Realizing the Potential of Bike and Scooter Sharing Systems
Jouke Peutz has split his life between the Netherlands and California. He loves living in the U.S., but his Dutch childhood instilled a deep love of biking. He’s pursuing that passion for biking, in collaboration with CalBike, with a research project to develop best practices and a general framework to improve the partnership between the public and private sector to aid disadvantaged communities through micromobility.
CalBike advocates for the inclusion of shared micromobility in public transportation systems. That will ensure that the cost remains affordable, that micromobility programs serve all neighborhoods equitably, and that there are cohesive support platforms and incentives for users. Jouke’s research will help us make a case for public micromobility.
CalBike collaborates with a researcher inspired by his Dutch biking roots
Jouke Peutz didn’t start a graduate degree in Community Development at UC Davis with a plan to focus on bikes. “I was very set on sticking with buildings since I came from an architecture background,” he says.
Then he took a class on bicycle infrastructure and design that called him back to a childhood where, he recalls, “I had all my freedom on my bicycle. I learned life lessons on my bicycle. I biked through the rain, the sun. I had a deep connection to my bike.” Now, Jouke says, “My whole research has oriented from looking at buildings to looking at bicycling. The funny thing is that they are very much connected.”
His grandparents still ride, regularly going across the border to Germany on their e-bikes. “The bike is what gives them their freedom, too,” he says.
He wants to bring that freedom to biking in the U.S., but he recognizes the challenge. “We’re trying to copy things from the Netherlands, but it never really works,” Jouke says. Intersections that “look Dutch” function very differently here because the U.S. has its own bike culture.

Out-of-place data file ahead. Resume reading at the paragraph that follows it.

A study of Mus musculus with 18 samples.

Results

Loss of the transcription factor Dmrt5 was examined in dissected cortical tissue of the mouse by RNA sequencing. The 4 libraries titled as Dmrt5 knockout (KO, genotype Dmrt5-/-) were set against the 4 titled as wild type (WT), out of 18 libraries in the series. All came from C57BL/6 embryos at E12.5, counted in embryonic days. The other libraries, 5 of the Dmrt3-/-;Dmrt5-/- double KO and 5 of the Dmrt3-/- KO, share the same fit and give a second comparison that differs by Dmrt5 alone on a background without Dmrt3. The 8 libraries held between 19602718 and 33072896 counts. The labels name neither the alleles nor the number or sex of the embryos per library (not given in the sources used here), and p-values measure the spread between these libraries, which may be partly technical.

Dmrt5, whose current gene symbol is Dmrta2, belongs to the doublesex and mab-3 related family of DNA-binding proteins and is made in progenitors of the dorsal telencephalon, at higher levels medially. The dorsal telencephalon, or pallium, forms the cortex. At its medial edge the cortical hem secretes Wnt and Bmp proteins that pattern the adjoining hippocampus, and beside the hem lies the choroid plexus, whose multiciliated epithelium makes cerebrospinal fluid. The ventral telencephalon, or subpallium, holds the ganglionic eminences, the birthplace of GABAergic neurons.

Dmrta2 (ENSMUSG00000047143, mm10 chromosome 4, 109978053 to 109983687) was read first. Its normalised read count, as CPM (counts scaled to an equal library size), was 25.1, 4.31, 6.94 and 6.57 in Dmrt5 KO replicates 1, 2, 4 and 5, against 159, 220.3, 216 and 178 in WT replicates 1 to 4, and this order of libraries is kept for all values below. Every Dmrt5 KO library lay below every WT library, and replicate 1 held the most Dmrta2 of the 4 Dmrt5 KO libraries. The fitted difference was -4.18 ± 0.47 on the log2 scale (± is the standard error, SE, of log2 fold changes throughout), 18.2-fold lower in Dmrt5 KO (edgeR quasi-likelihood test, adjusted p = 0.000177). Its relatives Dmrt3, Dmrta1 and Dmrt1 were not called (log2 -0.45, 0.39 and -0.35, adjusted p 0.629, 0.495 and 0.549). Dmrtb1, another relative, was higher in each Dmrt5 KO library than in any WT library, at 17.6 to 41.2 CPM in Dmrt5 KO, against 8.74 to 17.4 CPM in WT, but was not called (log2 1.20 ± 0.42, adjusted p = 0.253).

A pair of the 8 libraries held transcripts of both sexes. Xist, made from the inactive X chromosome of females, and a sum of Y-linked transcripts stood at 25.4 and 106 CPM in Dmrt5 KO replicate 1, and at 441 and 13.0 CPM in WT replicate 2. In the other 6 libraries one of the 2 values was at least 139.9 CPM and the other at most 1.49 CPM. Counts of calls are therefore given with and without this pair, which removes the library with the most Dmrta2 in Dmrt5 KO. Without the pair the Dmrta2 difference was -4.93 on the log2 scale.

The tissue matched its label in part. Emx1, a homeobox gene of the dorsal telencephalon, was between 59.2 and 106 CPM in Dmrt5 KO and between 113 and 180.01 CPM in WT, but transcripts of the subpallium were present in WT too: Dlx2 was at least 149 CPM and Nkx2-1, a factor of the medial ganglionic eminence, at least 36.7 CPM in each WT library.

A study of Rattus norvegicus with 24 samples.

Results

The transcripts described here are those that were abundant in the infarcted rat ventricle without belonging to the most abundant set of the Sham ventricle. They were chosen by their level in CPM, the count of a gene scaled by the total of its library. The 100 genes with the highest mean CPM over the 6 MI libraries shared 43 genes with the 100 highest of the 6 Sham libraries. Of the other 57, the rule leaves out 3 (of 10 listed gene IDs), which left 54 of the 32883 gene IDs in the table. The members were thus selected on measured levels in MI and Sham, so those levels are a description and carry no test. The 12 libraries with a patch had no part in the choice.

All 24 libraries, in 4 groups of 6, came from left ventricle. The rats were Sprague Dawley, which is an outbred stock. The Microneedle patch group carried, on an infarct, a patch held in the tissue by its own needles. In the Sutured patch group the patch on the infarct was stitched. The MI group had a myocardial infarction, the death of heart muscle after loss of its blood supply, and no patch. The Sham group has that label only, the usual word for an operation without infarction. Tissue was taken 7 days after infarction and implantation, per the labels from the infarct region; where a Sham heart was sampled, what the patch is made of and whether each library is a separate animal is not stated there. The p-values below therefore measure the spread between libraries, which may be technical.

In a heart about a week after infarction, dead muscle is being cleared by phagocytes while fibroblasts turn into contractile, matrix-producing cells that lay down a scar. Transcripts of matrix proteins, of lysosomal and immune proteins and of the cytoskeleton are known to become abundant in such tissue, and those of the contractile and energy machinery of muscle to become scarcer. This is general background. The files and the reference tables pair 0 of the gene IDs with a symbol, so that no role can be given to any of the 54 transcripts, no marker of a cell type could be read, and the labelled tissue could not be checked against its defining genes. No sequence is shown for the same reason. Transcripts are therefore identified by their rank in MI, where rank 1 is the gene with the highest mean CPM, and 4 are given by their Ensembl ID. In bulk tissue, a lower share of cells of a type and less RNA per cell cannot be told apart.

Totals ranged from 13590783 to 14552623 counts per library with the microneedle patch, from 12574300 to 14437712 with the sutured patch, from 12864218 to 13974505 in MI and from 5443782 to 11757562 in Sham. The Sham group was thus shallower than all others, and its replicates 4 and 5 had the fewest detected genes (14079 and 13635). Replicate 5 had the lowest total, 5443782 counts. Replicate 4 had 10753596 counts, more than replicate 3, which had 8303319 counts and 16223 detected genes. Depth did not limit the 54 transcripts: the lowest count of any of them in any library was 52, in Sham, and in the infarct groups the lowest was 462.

How shared micromobility can promote transportation justice in California
Jouke’s research project is titled “Facilitating market-based micromobility in disadvantaged communities in California,” and will look at how to bridge the gap between government and the private sector to better serve disadvantaged communities. Through a literature review and interviews with key stakeholders, he hopes to answer the question of how California state agencies can develop and coordinate micromobility in partnership with private operators.
Jouke’s research is more than an academic exercise. He sees it as a gateway to improving people’s lives.
“Transportation is a main factor in people’s life success, whether that’s healthwise or economicwise,” he says. “People who don’t live a wealthy lifestyle typically live in communities they get pushed into and they rely on public transportation to get work or groceries.”
He particularly wants to make sure that people in disadvantaged communities don’t get left behind in the transition away from carbon-based transportation. “What does that mean if you’re told you cannot drive anymore or need to buy an expensive EV?” Jouke says. “That’s where micromobility could play an important role.”
CalBike has helped connect him with stakeholders and supported him in his research. “We’re excited to see what Jouke’s research produces,” says Dave Snyder, CalBike’s Executive Director. “CalBike is focused on transforming the way we view micromobility. Bike sharing shouldn’t be viewed as an elite urban amenity but as an essential public transportation connection. Having evidence to show the benefits of micromobility will help us make that case.”
“The beautiful thing about bicycles is they connect the wealthiest people and the poorest people,” says Jouke. “I do really believe micromobility will be a big part of our future in transportation.”
Bike-share in danger in California
Unfortunately, California is in danger of becoming a state with no bike or scooter sharing. A bill moving through the California Senate, AB 371, would impose an unprecedented insurance requirement on all bike-share operators, including public transit systems and nonprofits.
Micromobility is the future, and we can’t let this regressive bill stop it before it reaches its full potential. Please email your California Senator today and ask them to vote NO on AB 371.
Micromobility and much more at the California Bicycle Summit
At the California Bicycle Summit, April 6-9, 2022, in Oakland, we’ll discuss equitable micromobility with Jouke and representatives from companies that provide bike and scooter sharing systems in California. You won’t want to miss that, plus 30 breakout sessions, bike tours, parties, and more. Register today.